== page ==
These Are The Must-Try Food Items In Japanese Convenience Stores
Which one is your favorite konbini find?
Stuffing yourself with ramen, sushi, takoyaki, and wagyu is a no-brainer when you're in Japan. But if you are planning on dining in restaurants from breakfast to dinner every day, this will definitely make a dent in your wallet. Thankfully, there are (a lot of) konbini (or conbini)¬†in Japan, it's a Japanese word for "convenience store," that offers cheap but tasty eats that are just as satisfying.
There are three different convenience stores you can commonly find in most train stations and business districts in Japan, namely 7-Eleven, Lawson, and Family Mart. We listed down the different must-tries you should treat yourself to when you're visiting Japan:
The onigiri or rice ball is made with rice commonly formed into a triangular or cylindrical shape that's wrapped in nori. If you've never tried an onigiri before, the packaging commonly has instructions on how to unwrap it so you don't destroy the nori wrapper.
Every convenience store offers onigiri and it comes in different flavors and fillings, like salmon, tuna mayonnaise, tamago (egg), and umeboshi (pickled Japanese plum), and some even offer healthier options using brown rice.
2 Bento meals
After a long day of sight-seeing, you're bound to get hungry for a heavy meal. Bento meals in Japanese convenience stores are on a whole other level. They have Japanese curry, a sweet and thick sauce that bears little to no resemblance to other types of curry elsewhere. There's also the donburi, a Japanese rice bowl that comes in different meaty toppings: gyudon for marinated beef strips, katsudon for pork cutlet, and oyakudon for chicken.
There are more bento meal options you can find in the aisle, like cold soba noodles and baked pasta dishes, too! The price point of bento meals are expensive, especially if you compare it to the ones sold here in the Philippines.
3 Instant noodles
Try not to be overwhelmed by the choices of instant noodles in Japan, because there will be a ton of choices available for ramen and yakisoba. Konbinis have an extensive variety for noodles that there's often a whole aisle dedicated to it. There¬†is a popular¬†brand of instant ramen by Nissin called the Nakiryu Dandan Noodles, as it is the signature of the one-Michelin-Starred restaurant of its namesake.
4 Onsen Tamago
If you want to make your bowl of instant ramen or bento meal extra special, you can order an extra onsen egg. This is a softboiled egg that has an almost gelatinous whites and once you slice through it, the soft yellow-orange yolk oozes out. Some onsen eggs are marinated in a soy sauce and mirin mixture to give it more flavor.¬†You can find these right beside the bento meals and sandwiches; individually-wrapped for your convenience!
5 Tamago Sando¬†
Another egg-cellent snack Japanese konbinis¬†are known for is the tamago sando or egg sandwich. Before you diss it because it's "just an egg sandwich," this Japanese-style egg sandwich is traditionally made with egg and Japanese mayonnaise that adds a slight sweetness and tanginess to it. This filling is spread in between a crustless shokupan, a.k.a.¬†the softest white bread ever!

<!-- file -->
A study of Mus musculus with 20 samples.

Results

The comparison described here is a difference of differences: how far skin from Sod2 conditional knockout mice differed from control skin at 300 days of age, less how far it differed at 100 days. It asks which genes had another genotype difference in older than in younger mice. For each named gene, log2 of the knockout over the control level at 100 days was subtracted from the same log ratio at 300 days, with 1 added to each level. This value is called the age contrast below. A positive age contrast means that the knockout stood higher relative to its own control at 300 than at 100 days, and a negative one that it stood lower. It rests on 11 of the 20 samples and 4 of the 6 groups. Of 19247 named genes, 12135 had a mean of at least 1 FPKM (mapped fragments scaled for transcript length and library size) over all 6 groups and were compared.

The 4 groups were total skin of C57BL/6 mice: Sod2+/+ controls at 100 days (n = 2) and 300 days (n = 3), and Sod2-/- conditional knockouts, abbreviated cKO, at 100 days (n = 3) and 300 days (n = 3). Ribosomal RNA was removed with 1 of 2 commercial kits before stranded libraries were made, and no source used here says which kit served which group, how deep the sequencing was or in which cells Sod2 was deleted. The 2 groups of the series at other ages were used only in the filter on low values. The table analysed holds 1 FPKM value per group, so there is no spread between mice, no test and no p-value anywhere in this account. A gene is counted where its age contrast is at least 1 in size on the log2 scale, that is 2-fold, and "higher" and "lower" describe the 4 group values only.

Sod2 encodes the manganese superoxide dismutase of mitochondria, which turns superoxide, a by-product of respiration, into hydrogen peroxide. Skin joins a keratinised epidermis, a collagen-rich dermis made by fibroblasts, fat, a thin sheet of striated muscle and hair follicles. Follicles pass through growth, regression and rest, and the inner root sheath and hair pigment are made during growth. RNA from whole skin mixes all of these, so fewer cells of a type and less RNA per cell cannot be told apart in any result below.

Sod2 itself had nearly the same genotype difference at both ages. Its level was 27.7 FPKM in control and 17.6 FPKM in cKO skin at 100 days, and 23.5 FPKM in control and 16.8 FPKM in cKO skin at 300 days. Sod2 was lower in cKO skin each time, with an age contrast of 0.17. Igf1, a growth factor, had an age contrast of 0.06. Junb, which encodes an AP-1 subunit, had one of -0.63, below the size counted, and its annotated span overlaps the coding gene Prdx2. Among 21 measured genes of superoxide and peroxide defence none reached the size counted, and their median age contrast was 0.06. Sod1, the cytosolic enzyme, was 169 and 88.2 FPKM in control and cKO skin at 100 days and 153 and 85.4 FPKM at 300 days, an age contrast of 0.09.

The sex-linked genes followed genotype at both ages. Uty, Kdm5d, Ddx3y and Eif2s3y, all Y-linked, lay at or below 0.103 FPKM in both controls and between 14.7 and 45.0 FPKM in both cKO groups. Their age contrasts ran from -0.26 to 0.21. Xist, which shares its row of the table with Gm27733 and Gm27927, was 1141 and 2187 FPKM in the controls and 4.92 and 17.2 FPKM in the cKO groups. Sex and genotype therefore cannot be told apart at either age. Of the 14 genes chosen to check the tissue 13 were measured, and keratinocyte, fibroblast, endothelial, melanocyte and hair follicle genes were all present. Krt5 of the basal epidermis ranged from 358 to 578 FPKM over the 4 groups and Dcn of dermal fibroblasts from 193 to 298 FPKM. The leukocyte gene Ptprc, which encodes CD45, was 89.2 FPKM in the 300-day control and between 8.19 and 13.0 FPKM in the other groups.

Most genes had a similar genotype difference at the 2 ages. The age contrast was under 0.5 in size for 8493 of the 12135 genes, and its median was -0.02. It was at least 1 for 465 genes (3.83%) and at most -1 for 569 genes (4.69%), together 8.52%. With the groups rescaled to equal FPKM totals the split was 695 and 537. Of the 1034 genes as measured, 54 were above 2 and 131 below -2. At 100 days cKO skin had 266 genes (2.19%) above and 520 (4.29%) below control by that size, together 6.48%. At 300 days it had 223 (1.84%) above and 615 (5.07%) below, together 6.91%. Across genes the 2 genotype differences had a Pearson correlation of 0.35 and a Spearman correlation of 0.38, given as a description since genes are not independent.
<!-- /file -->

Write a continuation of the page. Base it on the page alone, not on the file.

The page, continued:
6 Chicken Karaage
Don't worry chicken fans, you don't have to take a break from¬†eating chicken. You can easily satisfy that craving in Japanese convenience stores in the form of chicken karaage! Karaage is a Japanese cooking technique that includes coating pieces of chicken (mostly, breast part) with flour, and deep-frying it in oil. It's often coated in different flavors, too, like cheese and spicy powder.
For a late-night snack, you should try Japanese potato chips.¬†Calbee is one of the famous Japanese brands with thick-cut potato chips. But each konbini has its own branded potato chips that, based on our own observation, are limited to salt, seaweed, and cheese flavors.
8 Sweet Bread
Japan takes its bread seriously, and for that, you will gain a higher appreciation for it. You can find them everywhere, especially in cafes and stalls right beside the groceries. But you can also spot these sweet treats in konbinis. If you're lucky, you can find more than ten options in one store, like the dorayaki (Japanese pancakes), Baumkuchen (spit cake), cheese tarts, mochi, crepe cakes, melon pan or melon bun, cream puffs, and eclairs.
Finding coffee in Japan won't be a problem, what with all the convenience stores and vending machines you're bound to come across with. When you enter a convenience store, you will be welcomed by different options for iced bottled coffee. Boss Coffee and Georgia are likely available, regardless of which convenience store you go to. The hot coffee is available over the counter or in the self-service coffee machines.
What makes buying coffee from convenience stores interesting is that they're good for what you pay for, commonly ranging from P80 to P150 when converted into pesos. Similar to the pastries, there are also seasonal coffee flavors offered. For instance, Starbucks Sweet Caramel Pudding Latte came in a spooky, cute design for Halloween.